Atlantic City Tourism Growing, Gaming Expert Says Region Stable
After years of economic struggle, Atlantic City is “stable.” That’s according to Stockton University Hospitality and Tourism Management Studies professor Dr. Brian Tyrrell, who believes key tourism indicators suggest the region is capable of supporting nine casinos and is positioned for growth.
Tyrrell’s comments come in Stockton University’s Lloyd D. Levenson Institute of Gaming, Hospitality, and Tourism’s second quarter review of tourism performance indicators. The publication found that lodging and parking fees increased across Atlantic County between April through June.
Hotel receipts increased by six percent in June, while parking charges climbed two percent. The data points are critical in analyzing tourism traffic in Atlantic City and throughout the county.
The increases are of course positive news, as Hard Rock and Ocean Resort didn’t open until June 28. The Boardwalk casinos generated a buzz in Atlantic City not experienced in many years, and along with it came an influx of visitors.
True Test Ahead
Casino Association of New Jersey President Kevin Ortzman, who is also Caesars Entertainment’s regional boss who oversees the company’s three casinos, said recently, “The summer of 2018 was the best summer in recent years for Atlantic City.”
Indeed, gross gambling revenue (GGR) was up seven percent in June, 13 percent in July, and 24 percent in August. The two new properties pushed total employment in the gaming industry to over 30,000 workers for the first time in more than four years.
But as the fanfare from the openings ended, and the days get shorter and temperatures cooler, casinos will be battling for customers in the months ahead. Of utmost concern is the fact that in July and August, the first two full months with nine casinos in operation, the seven previous properties all won less money compared with 2017.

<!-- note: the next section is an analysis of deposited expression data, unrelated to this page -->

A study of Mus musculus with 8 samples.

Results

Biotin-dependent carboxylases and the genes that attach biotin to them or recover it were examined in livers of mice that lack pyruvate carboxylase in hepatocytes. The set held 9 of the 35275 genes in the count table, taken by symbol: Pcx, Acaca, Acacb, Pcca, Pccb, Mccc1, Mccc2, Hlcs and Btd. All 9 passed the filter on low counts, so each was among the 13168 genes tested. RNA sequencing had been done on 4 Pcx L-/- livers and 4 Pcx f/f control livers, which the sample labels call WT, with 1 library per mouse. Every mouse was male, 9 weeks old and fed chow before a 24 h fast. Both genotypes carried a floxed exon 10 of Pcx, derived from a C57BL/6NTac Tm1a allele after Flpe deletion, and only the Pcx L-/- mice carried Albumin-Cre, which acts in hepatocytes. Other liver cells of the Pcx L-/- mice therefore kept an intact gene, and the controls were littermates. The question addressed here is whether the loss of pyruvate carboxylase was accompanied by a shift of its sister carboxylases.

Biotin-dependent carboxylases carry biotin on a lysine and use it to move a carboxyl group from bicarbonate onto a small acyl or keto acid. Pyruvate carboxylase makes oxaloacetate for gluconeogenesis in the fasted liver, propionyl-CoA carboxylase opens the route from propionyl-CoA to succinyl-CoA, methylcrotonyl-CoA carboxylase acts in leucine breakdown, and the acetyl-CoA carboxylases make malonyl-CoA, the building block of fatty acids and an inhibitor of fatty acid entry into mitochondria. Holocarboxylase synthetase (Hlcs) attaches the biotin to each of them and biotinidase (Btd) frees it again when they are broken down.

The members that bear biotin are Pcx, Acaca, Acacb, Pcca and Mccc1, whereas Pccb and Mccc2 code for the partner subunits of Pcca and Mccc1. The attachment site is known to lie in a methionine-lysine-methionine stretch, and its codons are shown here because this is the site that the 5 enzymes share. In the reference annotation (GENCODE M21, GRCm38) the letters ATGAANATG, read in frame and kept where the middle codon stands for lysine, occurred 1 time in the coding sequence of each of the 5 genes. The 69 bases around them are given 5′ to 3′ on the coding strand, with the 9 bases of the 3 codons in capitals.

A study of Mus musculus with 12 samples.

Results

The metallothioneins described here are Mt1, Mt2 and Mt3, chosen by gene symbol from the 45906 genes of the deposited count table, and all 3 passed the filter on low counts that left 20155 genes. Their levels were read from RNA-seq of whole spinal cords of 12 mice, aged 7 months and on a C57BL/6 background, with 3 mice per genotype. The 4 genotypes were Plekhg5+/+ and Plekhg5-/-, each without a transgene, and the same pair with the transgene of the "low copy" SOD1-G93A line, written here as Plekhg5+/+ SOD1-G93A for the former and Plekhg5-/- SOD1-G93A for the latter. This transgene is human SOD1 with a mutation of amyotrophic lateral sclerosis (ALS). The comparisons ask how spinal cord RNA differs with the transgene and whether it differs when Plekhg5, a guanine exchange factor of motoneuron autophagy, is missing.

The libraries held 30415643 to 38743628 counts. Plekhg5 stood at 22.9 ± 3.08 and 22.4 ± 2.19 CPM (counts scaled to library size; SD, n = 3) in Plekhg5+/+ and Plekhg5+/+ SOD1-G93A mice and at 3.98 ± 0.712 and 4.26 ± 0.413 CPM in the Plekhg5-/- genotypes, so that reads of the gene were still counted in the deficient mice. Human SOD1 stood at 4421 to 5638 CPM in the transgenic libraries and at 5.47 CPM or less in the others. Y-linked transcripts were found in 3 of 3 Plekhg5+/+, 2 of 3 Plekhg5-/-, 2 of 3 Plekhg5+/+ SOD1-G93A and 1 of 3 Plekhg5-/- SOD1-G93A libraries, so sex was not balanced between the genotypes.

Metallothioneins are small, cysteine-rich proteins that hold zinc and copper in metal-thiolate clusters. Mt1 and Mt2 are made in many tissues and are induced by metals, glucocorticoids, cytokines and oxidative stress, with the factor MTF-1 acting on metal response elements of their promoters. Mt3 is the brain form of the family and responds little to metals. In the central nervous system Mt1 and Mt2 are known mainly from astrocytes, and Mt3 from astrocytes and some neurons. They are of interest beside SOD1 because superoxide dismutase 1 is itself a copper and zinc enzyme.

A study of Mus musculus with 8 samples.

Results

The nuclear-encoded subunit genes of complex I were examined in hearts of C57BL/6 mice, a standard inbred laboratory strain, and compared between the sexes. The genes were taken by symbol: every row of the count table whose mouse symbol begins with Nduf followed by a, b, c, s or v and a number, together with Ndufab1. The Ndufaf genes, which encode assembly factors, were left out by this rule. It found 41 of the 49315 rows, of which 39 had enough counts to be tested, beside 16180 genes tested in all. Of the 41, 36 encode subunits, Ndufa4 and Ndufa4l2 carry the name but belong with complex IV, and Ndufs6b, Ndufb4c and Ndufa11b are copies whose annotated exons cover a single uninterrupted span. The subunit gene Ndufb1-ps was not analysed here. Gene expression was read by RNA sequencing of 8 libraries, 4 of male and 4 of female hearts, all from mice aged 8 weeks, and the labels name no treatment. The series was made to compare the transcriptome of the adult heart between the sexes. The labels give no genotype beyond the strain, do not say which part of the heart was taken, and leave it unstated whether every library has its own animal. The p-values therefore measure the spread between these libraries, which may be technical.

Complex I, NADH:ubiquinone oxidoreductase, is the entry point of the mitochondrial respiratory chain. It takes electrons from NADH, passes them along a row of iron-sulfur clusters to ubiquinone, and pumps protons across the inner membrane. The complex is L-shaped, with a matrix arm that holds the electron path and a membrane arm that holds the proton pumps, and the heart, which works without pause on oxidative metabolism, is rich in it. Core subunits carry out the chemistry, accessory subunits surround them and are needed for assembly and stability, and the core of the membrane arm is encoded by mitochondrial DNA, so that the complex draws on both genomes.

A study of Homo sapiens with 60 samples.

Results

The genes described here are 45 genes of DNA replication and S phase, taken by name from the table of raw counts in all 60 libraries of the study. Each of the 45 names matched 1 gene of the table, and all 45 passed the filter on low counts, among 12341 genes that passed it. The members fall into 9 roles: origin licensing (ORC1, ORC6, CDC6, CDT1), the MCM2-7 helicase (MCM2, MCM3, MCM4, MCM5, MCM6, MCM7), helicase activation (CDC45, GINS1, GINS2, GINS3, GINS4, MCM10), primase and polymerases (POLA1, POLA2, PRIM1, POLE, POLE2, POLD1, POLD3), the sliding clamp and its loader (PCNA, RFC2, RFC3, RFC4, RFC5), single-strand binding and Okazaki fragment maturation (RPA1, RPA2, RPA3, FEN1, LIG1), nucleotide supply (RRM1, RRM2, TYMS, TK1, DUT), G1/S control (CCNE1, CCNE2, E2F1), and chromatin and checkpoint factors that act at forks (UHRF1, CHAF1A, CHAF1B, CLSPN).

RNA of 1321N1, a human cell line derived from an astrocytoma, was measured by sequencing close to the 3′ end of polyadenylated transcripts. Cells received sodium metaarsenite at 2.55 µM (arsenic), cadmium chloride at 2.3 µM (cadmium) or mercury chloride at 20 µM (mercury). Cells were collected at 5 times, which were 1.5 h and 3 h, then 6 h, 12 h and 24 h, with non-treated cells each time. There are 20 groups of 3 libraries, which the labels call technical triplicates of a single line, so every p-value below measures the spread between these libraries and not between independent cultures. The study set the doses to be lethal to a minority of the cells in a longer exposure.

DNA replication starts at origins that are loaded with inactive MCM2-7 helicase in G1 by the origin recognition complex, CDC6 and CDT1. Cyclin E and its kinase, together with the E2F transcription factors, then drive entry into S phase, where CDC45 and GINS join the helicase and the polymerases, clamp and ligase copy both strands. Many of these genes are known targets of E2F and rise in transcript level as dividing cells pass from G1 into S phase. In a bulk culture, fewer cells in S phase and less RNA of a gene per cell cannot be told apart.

“We will be able to better gauge the impact of these openings when the third quarter results become available. The early results still bode well for the resorts,” Tyrrell said.
City Remains Under Supervision
There are reasons to believe that Atlantic City’s most fiscally troubling days are in its past, but New Jersey Governor Phil Murphy (D) isn’t ready to hand back governance to local officials.
Last month, Murphy, who campaigned on promising to return Atlantic City’s control to the city government, backpedaled on that commitment.
Though he admitted “Atlantic City is on the rise,” the first-term governor added, “I don’t want to see this great and historical city on the mat again. This is not the end of our efforts. This is just the beginning.”
The state took control of Atlantic City in 2016 under Gov. Chris Christie (R) after it fell more than $500 million in debt and threatened the credit ratings of numerous regional towns. Murphy said the gaming town will remain there until 2021, which was the original expiration set under the Christie administration.
Investment services firm Moody’s believes Murphy’s decision is in the best interest of Atlantic City. “State control has had a strong, positive effect on the city’s financial position, which remains weak,” the outlet said in a note.